Does The Stock Market Feel Weird To You? This May Be Why

Correlation among equity sectors has been low since the market crash in March. This is odd because market crashes cause a lot of insecurity among investors, who then start to buy or sell the market as a whole, which pushes sector correlation up. This is not happening this time.

One of the likely reasons why the market is not behaving as in previous post-crash periods is that a huge amount of money was injected into the system very quickly and inefficiently, leaving a lot of surplus liquidity available for investment. Also, the fact that the recession was caused primarily by a pandemic rather than by a downturn of the economic cycle makes it difficult to draw a parallel between the current crisis and previous ones. As such, the market is behaving in unfamiliar ways.

One would have expected that in the wake of the crash, risky assets would go into a “risk-on, risk-off” regime, meaning that people swing between optimism when the news is good (and so they buy), and pessimism when the news is bad (and so they sell). This is what usually happens after a crisis, when investors believe that whatever caused it may still be unresolved and therefore leaves them unwilling to commit to more nuanced allocation decisions other than buying or selling the market as a whole.


Following the pandemic-induced crash, however, the divergence between the best- and worst-performing sector ETFs has been much wider than in the previous two major crises.

Because uncertainty today is very high – a pandemic, U.S. elections, erratic stimulus talks, etc. – a reason for the low correlation cannot be simply that people have a clear vision of the future. Instead, a more likely explanation is that large amounts of liquidity that leaked from the inefficient delivery of government stimulus went to investors’ cash balances and from there to stocks.

Liquidity was brought up quickly after the initial crisis through a combination of stimulus checks, emergency loans and bond purchases by the Fed. Not all of it went where it was needed, and much of the excess cash was invested in the equity market. Investors don’t have any reason to expect that this is temporary. Not only the Fed has made it clear that it will conduct a loose monetary policy “for years”, but it also seems very likely that another round of fiscal stimulus will pour even more cash into investment portfolios, regardless of how difficult negotiations leading to that outcome appear today.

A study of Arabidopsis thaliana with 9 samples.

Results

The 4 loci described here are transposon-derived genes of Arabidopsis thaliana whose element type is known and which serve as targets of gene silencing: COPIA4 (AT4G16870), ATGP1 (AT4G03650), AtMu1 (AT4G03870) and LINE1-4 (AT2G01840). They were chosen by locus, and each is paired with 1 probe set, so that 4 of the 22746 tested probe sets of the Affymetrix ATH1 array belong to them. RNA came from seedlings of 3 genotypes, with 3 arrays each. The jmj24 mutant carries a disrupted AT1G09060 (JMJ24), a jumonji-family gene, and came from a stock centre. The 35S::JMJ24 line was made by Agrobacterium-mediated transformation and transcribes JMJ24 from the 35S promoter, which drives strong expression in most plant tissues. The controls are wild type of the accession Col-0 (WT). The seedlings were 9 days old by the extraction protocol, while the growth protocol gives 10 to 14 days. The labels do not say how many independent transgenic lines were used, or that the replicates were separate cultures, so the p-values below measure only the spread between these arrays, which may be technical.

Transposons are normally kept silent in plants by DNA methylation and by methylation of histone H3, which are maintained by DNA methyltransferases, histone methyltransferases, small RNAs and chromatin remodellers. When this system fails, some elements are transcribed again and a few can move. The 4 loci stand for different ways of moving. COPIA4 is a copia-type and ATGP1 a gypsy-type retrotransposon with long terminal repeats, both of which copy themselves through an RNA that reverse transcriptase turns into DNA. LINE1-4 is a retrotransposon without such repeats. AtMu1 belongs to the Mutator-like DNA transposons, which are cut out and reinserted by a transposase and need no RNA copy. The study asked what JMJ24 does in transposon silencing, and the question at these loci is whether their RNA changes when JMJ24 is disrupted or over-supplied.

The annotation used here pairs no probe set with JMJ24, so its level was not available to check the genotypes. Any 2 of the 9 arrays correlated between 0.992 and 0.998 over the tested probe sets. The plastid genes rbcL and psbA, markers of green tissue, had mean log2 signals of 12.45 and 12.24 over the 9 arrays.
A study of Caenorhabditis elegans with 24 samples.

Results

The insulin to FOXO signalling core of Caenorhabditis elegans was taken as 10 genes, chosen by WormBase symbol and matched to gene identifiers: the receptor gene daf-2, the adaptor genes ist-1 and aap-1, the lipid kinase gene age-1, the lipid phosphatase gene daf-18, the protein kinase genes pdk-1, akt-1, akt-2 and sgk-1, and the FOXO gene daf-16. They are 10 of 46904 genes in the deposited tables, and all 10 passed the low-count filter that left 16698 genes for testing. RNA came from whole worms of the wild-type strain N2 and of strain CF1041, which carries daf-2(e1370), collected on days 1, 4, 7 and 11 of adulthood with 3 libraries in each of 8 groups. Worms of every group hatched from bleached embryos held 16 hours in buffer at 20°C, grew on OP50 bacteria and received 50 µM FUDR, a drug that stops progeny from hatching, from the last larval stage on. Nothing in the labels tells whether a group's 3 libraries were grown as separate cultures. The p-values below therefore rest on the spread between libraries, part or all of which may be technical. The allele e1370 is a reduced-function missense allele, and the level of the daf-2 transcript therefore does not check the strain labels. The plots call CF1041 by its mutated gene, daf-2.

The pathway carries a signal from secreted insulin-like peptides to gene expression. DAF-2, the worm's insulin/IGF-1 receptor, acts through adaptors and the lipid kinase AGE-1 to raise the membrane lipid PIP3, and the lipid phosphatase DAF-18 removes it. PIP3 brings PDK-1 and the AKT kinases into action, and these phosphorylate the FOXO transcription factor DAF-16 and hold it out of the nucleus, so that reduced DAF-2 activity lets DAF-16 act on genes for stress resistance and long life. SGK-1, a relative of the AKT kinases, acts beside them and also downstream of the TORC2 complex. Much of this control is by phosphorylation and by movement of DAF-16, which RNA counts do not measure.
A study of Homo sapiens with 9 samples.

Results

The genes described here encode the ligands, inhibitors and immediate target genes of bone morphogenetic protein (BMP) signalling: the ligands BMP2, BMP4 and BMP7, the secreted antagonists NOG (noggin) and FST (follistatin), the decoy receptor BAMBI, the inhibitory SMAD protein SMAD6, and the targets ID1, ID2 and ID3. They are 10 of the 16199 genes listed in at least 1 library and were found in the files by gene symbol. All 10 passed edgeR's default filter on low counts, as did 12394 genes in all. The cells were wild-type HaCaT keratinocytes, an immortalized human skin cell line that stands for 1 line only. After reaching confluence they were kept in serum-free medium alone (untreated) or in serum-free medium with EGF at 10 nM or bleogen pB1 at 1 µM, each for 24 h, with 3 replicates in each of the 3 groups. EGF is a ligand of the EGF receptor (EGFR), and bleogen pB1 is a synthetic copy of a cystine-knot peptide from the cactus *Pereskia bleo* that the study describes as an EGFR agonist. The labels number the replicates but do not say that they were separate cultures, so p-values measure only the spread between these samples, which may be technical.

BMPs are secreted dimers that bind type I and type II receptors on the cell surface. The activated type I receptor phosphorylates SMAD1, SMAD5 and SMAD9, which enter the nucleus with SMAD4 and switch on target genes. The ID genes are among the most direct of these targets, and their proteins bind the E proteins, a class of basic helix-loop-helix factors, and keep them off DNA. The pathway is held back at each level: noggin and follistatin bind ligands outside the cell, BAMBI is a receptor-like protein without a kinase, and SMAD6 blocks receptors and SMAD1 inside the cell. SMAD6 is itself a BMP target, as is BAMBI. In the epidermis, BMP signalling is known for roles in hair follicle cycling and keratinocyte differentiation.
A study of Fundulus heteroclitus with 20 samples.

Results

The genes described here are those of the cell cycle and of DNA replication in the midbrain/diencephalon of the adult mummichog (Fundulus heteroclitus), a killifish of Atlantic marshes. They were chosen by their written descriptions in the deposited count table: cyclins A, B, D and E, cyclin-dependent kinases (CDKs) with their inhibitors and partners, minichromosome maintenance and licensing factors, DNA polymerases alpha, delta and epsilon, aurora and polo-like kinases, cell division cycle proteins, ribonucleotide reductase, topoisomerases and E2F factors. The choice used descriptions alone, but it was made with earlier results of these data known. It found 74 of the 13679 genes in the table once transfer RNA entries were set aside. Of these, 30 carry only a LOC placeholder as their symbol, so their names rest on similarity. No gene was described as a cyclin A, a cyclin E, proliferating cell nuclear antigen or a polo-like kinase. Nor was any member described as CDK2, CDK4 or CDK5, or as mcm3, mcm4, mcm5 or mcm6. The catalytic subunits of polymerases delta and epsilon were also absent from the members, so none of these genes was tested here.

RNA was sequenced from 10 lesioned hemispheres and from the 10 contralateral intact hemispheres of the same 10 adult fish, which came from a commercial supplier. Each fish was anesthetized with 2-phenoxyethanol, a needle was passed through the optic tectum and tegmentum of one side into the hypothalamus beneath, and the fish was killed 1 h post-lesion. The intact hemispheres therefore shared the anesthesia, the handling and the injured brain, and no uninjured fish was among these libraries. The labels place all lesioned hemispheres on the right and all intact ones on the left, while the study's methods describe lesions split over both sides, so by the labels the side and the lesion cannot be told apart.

In addition to the liquidity reason, investors may be suspecting that the U.S. (and global) economy will be massively transformed in the post-pandemic world.

One example is the work-from-home trend, which could have huge implications for office buildings, furnishings, transportation and communications. This is best illustrated in the recent conference call with BlackRock BLK , a giant asset manager with $8TN of customer funds. They noted that they “were able to very quickly migrate from 16,000 people in 60 offices to 16,000 people and 16,000 offices”, adding that “by and large, many large companies including BlackRock, have learned, yes, we can work remotely without much in terms of degradation of operational efficiencies.”

If investors are really anticipating that the economy is undergoing a fundamental transformation because of the pandemic, then the diverging sector performance after the crash of March makes sense: The technology-sector ETF (XLK) has gone through the roof while the energy-sector ETF (XLE) is in the gutter. Most likely, the low correlation among assets we observe today responds to both factors: the effect of today’s mountain of money and the expectation of tomorrow’s brave new world.

In the short term, however, it seems reasonable to expect that correlations and volatility will fall back in line, because the discrepancy is too large for historical standards. Either the market will resume its rally and break through previous highs, bringing volatility down in line with today’s low correlations, or it will take a turn for the worse, pushing up correlations in line with persistently high volatility. We think the former is more likely for various reasons, including the persistence of fiscal and monetary stimulus and the promise of a Covid-19 vaccine.

One thing seems certain, though: A vaccine will not bring back the world as we knew it. It would likely prop up asset prices, but the effects of the pandemic over the make-up of the economy and even over daily life may turn out to be much more profound that what meets the eye today. If so, investment strategies will also have to adapt to that new world.